5 Warning Signs Your PMO Could Do More

December 7, 2015
Image of a man standing at a desk.

Project management offices (PMOs) can provide numerous benefits to any organization. They support project managers and provide consistency to their practices through templates and guidance, helping establish stronger governance. PMOs also provide greater visibility to project management across the organization, help align projects to strategic goals, and allocate project management resources to achieve efficient value delivery. If a PMO’s leadership cannot realize these benefits and demonstrate the PMO’s value, the PMO will struggle and may be disbanded.

Here are five warning signs that you may need to make changes to get the most out of your PMO:

  1. No tangible evidence of ROI. The PMO is a significant investment. If no return is seen in relation to meeting strategic objectives including the cost savings or increased revenue, executives may question the PMO’s usefulness and even its existence.
    • How to overcome: Develop ROI matrices showing the impact of the PMO on meeting strategic objectives, including successful project delivery. When executives see this data on a regular basis, they will begin to understand how the PMO adds value.
  2. The PMO is seen as just an order-taker. Rather than helping guide the organization’s strategic direction, the PMO is in an operational mode, responding to directives from other departments in the organization. The PMO director needs to be as high in the organization hierarchy as possible to operate effectively. Otherwise, the PMO may lack the influence and autonomy needed to execute key strategic initiatives.
    • How to overcome: Show numbers to prove the value of the PMO. Present current performance vs. projections based on improved ROI from PMO and other business units to upper management. By showing how its influence and autonomy can improve the entire organization’s bottom line, the PMO helps prove its value.
  3. Process / performance measurement is not present. When performance metrics are not present, processes become stagnant and do not improve. Executives see successful project delivery short-term, but patterns signaling opportunities for long-term improvement remain undiscovered.
    • How to overcome: Develop simple matrices, mainly in three areas to start with: variances (cost and schedule), productivity, and quality. Make sure you’re measuring and reviewing on an ongoing basis. Take action to improve processes so that the PMO can benefit from continuous improvement. Once these metrics are established well, go for more.
  4. There is suboptimal resource utilization. Effective resource management depends on properly matching people to roles. When mismatches occur, productivity lacks and resources are not utilized optimally.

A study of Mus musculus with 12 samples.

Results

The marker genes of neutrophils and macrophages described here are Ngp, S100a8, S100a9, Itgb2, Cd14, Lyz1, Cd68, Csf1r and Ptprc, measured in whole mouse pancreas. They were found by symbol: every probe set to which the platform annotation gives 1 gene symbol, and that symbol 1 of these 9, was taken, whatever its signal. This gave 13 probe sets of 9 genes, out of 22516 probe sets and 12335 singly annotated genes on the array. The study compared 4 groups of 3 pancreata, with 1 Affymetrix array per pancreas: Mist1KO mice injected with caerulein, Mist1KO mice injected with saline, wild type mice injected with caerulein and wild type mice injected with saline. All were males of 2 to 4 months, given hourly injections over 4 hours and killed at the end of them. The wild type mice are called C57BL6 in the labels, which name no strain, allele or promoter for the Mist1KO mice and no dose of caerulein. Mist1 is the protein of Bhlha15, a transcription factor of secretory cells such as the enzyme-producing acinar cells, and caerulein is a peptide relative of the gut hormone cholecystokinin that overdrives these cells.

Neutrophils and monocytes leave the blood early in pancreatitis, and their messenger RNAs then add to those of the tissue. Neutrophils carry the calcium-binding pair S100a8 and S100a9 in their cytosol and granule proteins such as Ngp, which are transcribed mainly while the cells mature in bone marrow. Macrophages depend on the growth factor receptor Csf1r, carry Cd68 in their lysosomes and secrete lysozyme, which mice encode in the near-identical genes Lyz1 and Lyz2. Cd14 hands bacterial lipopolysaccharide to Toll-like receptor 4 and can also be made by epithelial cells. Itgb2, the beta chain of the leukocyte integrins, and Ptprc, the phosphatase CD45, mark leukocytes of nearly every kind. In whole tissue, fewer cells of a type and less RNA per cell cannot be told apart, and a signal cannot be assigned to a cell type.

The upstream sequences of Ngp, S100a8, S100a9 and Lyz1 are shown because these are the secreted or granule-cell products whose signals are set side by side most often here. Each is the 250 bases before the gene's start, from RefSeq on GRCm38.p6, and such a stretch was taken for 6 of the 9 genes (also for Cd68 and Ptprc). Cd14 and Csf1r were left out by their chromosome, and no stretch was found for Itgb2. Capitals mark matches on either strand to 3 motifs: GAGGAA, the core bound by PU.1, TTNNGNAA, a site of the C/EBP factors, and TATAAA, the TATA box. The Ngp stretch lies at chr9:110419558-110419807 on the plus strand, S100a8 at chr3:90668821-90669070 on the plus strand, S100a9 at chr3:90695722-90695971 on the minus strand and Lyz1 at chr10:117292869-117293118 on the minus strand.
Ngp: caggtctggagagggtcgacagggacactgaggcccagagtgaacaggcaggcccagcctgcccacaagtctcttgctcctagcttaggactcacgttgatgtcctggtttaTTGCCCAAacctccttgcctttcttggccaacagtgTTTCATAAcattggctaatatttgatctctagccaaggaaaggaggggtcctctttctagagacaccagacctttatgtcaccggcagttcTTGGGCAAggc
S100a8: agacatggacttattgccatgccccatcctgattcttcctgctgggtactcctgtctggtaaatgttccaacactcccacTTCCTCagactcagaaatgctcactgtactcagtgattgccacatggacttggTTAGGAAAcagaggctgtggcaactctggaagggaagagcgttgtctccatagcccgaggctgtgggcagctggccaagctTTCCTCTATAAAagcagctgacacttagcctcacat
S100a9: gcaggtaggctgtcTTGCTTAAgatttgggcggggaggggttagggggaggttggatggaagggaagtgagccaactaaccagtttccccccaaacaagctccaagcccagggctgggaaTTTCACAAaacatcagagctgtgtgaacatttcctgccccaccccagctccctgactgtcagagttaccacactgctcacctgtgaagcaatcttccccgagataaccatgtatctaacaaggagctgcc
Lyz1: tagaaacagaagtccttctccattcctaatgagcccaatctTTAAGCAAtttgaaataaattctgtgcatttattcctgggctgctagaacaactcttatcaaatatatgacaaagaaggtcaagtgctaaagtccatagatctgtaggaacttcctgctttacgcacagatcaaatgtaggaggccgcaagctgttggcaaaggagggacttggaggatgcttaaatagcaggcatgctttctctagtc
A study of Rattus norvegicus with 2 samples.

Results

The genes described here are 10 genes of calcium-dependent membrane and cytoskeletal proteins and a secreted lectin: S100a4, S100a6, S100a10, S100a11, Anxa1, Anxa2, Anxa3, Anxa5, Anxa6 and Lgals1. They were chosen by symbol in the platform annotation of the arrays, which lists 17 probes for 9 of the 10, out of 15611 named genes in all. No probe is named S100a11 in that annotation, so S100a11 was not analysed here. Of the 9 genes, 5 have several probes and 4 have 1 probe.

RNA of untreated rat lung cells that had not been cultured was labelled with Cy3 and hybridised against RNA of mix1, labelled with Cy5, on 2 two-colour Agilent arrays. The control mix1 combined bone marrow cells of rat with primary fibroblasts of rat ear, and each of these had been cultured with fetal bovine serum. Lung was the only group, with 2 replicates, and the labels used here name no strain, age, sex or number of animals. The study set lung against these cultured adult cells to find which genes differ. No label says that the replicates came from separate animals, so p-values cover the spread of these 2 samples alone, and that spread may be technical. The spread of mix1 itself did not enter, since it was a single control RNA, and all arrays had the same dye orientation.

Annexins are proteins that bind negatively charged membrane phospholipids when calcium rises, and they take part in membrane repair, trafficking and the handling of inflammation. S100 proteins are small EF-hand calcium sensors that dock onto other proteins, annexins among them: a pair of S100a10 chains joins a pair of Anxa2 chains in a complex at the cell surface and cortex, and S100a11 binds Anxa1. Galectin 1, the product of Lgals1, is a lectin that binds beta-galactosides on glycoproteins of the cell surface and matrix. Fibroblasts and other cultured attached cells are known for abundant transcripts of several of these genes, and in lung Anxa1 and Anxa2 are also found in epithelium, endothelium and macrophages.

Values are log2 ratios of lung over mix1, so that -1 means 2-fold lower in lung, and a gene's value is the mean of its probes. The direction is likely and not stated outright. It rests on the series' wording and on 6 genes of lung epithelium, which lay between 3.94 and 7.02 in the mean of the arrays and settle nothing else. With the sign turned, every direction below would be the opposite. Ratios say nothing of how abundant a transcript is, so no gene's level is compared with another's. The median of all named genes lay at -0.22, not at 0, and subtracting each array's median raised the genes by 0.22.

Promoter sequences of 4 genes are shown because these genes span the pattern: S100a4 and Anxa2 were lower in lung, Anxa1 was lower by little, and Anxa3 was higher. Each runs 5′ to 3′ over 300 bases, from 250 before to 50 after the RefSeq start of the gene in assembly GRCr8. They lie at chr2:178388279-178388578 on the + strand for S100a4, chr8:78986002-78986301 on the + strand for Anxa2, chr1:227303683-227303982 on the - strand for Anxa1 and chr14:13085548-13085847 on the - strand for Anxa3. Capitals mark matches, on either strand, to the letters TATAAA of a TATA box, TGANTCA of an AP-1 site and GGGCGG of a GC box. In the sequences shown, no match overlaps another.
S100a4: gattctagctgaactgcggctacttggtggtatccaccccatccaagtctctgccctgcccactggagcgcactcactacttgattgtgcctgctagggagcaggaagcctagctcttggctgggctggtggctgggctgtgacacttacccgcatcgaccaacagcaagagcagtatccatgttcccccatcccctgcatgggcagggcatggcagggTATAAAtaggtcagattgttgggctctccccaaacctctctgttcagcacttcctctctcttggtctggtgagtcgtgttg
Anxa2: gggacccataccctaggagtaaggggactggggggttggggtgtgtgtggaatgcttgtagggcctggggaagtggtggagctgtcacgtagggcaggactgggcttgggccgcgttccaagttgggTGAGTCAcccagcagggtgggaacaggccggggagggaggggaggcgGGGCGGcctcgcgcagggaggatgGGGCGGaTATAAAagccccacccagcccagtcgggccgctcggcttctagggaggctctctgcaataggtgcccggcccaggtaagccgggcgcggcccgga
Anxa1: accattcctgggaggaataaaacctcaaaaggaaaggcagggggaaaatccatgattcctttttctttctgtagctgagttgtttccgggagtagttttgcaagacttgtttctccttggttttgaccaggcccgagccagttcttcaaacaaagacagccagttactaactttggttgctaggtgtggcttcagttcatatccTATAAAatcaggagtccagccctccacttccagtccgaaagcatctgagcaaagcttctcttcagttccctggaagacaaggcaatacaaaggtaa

• How to overcome: Monitor team member strengths, weaknesses, and progress. The 360 degree review, featuring feedback from superiors, subordinates, customers, and colleagues, is an effective tool for self-assessment and optimal resource management. Assign the right people for each role, transferring them from other projects if necessary.
  5. There is a lack of skillsets / career development for PMO team members. The PMO can serve as a support structure for project managers in many ways, including providing career development pathways for project managers. Without these pathways, project managers do not develop and incoming project managers may be blocked.
    • How to overcome: Develop career path of the project managers within the PMO. Help team members align their career path with the one that the PMO has. Establishing an annual training budget to invest in team members’ ongoing professional development can also help them grow and deliver projects more efficiently.

To recap, when any of the following signs are present, PMO directors should look for ways to do more with the PMO:

  • ROI is not seen or does not match the investment in the PMO.
  • The PMO takes directives from other departments in an operational mode rather than contributing to strategy discussion.
  • Processes and performance are not measured.
  • There is suboptimal resource utilization.
  • Project managers do not develop under the PMO and do not see a clear career path with the organization.

Would you like to brainstorm ideas on how your PMO can do more? Talk with us. See how we can empower your PMO to achieve its objectives and improve the governance and visibility of project management organization-wide, increasing value delivery for projects and enhancing the PMO’s capability. We’re happy to help.

Do you have any stories of when your PMO took on an initiative that succeeded or struggled? Please let us know in the comments.